Provide 2-5 servings of edible antioxidants daily.
Not only are fruits and vegetables highly nutritious, they’re the primary sources of antioxidant vitamins C, E and beta-carotene. Getting adequate antioxidants in early childhood reduces risk of cancer and other diseases later in life.
It’s unclear whether antioxidant supplements provide the same benefits, so it’s best to get them from food. Best food sources include most berries, broccoli, cabbage, grapefruit, green beans, green tea, yellow fruits and vegetables (apricots, carrots, squash, sweet potatoes, yams), kale, red onions, soy and tomatoes.
Make breakfasts to learn by.
Calcium-rich foods can improve behavior and learning; learning and performance may be enhanced with balanced breakfasts featuring complex carbohydrates and proteins in equal calorie amounts.
Breakfasts high in carbohydrates and low in protein can sedate rather than stimulate the brain.
Monitor calcium intake.
1-3: 500 mg/day
4-8: 800 mg/day
9-18: 1,300 mg/day
Kids need calcium for strong bones and teeth, and for healthy heart muscles and blood. Preteen and teen years are the time to prevent osteoporosis—95 percent of peak bone mass and calcium content is reached in those years.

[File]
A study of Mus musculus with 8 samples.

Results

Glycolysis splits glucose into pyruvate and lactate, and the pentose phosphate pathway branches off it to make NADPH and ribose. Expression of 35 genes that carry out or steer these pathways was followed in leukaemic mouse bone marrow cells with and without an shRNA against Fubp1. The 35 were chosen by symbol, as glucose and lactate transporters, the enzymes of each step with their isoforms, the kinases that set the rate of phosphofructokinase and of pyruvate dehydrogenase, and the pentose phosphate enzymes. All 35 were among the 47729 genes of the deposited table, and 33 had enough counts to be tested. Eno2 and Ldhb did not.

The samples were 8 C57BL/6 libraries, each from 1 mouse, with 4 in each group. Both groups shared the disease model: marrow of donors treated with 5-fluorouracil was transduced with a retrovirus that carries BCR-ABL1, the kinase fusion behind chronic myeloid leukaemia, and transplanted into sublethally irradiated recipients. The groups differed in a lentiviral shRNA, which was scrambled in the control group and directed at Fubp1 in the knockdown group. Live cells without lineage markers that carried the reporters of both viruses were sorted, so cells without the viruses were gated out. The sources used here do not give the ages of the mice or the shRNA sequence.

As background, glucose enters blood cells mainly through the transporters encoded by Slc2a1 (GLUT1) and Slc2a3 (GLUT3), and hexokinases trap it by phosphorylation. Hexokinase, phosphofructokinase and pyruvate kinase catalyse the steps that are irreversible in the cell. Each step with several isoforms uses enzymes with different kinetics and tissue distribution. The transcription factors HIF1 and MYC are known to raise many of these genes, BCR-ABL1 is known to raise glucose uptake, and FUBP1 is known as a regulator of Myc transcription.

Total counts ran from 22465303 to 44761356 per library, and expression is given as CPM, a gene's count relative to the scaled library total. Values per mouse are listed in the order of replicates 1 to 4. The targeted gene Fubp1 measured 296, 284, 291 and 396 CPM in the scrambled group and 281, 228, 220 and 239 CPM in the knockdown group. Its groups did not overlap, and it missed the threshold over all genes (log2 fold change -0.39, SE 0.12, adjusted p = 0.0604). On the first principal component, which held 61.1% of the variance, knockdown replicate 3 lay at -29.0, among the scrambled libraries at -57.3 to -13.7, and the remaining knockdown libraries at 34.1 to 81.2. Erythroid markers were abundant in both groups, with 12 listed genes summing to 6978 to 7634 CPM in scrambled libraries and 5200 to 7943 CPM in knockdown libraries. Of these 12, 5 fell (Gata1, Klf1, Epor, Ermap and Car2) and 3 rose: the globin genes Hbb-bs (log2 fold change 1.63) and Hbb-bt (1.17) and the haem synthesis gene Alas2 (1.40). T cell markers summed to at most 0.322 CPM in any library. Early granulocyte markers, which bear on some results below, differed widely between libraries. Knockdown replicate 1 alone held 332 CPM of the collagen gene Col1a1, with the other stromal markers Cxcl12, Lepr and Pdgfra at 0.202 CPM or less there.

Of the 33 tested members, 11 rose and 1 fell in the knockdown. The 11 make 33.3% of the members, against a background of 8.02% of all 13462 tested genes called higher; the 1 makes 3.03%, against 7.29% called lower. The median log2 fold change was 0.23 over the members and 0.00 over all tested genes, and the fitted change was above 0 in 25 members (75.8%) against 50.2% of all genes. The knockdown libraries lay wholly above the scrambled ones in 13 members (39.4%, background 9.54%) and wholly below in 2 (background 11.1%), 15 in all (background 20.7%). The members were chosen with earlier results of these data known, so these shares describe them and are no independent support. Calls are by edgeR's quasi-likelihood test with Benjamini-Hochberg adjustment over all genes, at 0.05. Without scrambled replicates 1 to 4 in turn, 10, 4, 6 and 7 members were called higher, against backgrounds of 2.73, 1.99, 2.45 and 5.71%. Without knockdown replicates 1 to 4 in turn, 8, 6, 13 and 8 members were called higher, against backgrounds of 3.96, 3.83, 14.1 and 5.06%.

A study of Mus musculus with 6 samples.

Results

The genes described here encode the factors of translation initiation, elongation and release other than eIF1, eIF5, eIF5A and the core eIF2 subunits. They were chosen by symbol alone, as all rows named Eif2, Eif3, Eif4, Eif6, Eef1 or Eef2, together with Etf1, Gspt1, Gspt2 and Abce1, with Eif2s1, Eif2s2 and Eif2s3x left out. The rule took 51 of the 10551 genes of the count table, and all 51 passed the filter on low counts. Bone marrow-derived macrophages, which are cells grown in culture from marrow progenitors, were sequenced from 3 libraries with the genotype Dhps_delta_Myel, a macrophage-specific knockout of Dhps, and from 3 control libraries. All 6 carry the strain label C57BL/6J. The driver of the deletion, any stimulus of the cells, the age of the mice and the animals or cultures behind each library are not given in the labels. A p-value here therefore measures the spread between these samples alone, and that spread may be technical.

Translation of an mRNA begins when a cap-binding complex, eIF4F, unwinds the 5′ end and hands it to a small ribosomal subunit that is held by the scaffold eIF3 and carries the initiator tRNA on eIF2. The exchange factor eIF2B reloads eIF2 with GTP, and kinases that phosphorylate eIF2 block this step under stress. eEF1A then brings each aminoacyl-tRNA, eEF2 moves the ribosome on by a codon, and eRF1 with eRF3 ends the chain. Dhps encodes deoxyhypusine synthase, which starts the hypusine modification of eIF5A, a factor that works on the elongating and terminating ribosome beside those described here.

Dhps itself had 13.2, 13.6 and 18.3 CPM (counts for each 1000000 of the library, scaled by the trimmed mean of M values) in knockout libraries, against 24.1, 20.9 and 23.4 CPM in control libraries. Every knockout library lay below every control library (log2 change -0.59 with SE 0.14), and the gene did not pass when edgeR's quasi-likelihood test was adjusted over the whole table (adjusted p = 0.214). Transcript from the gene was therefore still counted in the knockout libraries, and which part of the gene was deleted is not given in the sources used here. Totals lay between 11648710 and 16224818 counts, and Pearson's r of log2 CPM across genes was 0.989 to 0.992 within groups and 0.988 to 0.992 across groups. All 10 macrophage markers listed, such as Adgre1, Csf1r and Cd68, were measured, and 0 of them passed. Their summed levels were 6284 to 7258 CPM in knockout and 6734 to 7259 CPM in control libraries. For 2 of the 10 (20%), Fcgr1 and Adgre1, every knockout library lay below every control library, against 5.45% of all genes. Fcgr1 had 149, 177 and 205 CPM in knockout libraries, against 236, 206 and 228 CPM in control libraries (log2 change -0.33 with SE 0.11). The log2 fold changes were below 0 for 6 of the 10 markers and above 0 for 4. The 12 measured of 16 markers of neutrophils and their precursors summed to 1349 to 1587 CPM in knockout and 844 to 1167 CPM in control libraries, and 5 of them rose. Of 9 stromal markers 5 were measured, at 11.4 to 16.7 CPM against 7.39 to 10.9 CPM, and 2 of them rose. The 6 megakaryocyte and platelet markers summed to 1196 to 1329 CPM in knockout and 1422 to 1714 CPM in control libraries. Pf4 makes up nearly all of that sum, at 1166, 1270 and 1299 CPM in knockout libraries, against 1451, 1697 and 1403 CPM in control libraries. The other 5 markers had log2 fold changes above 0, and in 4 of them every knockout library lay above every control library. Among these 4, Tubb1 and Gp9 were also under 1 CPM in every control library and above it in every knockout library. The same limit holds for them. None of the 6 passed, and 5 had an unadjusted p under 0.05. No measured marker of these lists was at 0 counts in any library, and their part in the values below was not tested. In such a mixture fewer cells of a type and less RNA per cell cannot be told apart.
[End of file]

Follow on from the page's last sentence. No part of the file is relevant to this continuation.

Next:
Vegans and lactose-intolerant children may not get enough calcium. Teens are also at risk. Best food sources include broccoli, dairy products, kale, canned salmon and sardines, sesame seeds, spinach, soy and turnip greens.
Offer complex carbohydrates.
Some complex carbohydrates appear to have a calming effect, thus decreasing stress and hyperactivity. They’re also the body’s top fuel and a source of vitamin B complex.
Best food sources include apples, cherries, chickpeas, grapefruit, grapes, kidney beans, lentils, oatmeal, oranges, soybeans, spaghetti and sweet potatoes.
Feed them fiber.
Fiber steadies blood sugar levels, which can affect mood; slows fat absorption; reduces cholesterol; helps promote regularity; and may reduce cancer risk.
Add 5 to your child’s age to figure daily dose (e.g., a 6-year-old needs 11 g/day). Best food sources include beans, berries, bran, green peas, whole fruits and vegetables, nuts and whole grains.
Avoid hydrogenated oils.
Some experts link these unhealthy oils to increased incidence of ADHD, bipolar disease and heart disease.
Hydrogenated oils are solid at room temperature (shortening and margarine, for example), while healthier oils are liquid.
Sources: Food and Nutrition Board, National Academy of Sciences, www.nationalacademics.org; PDR Family Guide to Nutrition and Health (Medical Economics Co., 1995); Fit Kids! by Kenneth H. Cooper, MD (Broadman and Holman Publishers, 1999).